VOV.VN - The nation’s transaction value of economic concentration will be between US$4.5 billion and US$5 billion this year, with this figure likely to reach US$7 billion by next year.
This information was unveiled in a report released by the Department of Competition and Consumer Protection under the Ministry of Industry and Trade (MoIT).
According to the details set out in the report, the total transaction value of economic concentration in the country in 2019 reached US$7.2 billion, equal to 94.7% compared to 2018.
Last year saw several merger and acquisition (M&A) deals with the involvement of foreign investors and domestic corporations.
Typically, VinCommerce JSC of Vingroup (retail), VinEco (agriculture), and Masan Consumer Holdings (consumer goods), officially merged to create the leading group of retail and consumer goods in the nation.
Furthermore, KEB Hana Bank of the Republic of Korea’s has also acquired 15% of charter capital of the Bank for Investment and Development of Vietnam (BIDV).
Due to the COVID-19 pandemic negatively impacting the global economy, Vietnamese economic concentration activities during the first half of 2020 endured a sharp decrease as investors made cautious moves.
Moreover, social distancing measures being enforced both nationwide and across the globe led to the country’s transaction value of economic concentration in 2020 continuing to decline to reach US$3.5 billion, equivalent to 48.6% compared to 2019.
Real estate, finance-banking, industry, and retail were among the main sectors that attracted large amounts of investment capital through economic concentration in the country.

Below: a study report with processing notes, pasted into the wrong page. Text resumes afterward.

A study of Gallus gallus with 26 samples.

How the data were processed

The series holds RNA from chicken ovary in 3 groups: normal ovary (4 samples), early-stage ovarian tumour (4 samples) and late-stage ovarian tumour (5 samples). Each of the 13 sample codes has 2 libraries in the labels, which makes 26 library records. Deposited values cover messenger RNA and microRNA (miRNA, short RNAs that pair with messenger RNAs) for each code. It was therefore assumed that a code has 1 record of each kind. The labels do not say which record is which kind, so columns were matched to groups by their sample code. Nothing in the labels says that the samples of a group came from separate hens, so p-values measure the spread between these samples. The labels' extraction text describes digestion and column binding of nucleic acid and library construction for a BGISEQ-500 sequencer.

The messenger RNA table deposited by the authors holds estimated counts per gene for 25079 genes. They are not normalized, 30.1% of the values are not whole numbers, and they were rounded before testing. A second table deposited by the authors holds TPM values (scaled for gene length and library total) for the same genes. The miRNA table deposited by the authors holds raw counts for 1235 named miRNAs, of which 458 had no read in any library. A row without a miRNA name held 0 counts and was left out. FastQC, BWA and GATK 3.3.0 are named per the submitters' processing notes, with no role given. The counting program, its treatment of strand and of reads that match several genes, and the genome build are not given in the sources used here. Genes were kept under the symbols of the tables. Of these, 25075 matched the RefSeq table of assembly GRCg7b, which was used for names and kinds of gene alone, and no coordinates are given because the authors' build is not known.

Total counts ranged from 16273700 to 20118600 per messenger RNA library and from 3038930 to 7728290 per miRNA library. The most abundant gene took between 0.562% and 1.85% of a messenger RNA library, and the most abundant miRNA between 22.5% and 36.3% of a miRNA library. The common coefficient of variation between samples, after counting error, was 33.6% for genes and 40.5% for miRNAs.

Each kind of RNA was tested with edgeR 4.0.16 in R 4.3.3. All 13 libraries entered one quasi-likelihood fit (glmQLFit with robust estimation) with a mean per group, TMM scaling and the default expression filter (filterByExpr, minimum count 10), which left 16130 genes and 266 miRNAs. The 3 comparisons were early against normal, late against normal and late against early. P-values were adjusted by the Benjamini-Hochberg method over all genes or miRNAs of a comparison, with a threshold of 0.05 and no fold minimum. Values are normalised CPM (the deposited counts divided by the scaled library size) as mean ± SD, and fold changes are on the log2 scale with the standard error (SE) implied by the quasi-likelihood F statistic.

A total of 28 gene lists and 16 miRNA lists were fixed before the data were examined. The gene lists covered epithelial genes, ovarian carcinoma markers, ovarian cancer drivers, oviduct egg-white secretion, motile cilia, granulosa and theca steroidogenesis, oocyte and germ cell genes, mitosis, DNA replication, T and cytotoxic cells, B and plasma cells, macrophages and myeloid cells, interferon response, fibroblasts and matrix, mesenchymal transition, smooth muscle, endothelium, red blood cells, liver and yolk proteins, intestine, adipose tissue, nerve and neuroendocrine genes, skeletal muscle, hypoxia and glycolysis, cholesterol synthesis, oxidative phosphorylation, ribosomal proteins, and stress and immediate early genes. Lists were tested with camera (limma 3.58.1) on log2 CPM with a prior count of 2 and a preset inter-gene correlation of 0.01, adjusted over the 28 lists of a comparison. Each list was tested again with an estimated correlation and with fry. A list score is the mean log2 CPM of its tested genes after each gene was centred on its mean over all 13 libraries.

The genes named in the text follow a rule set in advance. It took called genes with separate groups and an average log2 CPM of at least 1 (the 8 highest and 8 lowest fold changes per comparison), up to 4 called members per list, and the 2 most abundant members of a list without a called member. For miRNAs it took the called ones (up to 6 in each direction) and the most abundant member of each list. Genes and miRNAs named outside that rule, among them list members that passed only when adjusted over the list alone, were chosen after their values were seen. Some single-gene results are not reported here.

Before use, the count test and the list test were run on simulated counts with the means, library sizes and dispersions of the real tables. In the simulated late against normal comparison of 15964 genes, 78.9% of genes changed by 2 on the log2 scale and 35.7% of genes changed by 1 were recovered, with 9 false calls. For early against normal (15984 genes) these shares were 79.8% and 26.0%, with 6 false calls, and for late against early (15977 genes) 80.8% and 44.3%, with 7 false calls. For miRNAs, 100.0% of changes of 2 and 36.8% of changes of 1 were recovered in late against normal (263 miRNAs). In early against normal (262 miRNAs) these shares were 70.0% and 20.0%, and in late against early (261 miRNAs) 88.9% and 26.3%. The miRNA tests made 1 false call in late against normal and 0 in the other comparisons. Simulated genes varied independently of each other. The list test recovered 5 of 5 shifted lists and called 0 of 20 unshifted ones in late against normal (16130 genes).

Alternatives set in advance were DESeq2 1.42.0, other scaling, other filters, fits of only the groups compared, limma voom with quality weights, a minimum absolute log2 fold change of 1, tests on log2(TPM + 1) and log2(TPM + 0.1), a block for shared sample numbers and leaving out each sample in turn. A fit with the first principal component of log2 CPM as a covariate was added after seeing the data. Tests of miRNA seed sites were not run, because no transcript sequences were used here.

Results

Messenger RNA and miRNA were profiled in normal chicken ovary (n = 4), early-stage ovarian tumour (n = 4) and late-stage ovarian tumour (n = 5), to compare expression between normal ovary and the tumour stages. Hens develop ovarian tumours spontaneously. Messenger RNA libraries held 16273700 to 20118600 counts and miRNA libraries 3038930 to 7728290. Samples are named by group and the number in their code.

This is in addition to a number of notable economic concentration deals also being conducted in the fields of logistics, agriculture, pharmaceutical-medical, beer, beverage, dairy, paper, processed food and confectionery, seafood, and construction materials.
Most notably, the proportion of total transaction value of economic concentration of domestic enterprises led to a rapid increase, largely due to the rise of active participation of major enterprises and corporations.
Moving forward, the consumer goods, retail, real estate, industrial, and agricultural sectors are likely to remain the focus of economic concentration ahead in the remainder of the year and into 2022.
The telecommunications, energy, Infrastructure, pharmaceuticals, and education sectors are also expected to contribute significant value to economic concentration in the country in the second half of this year and over the next several years.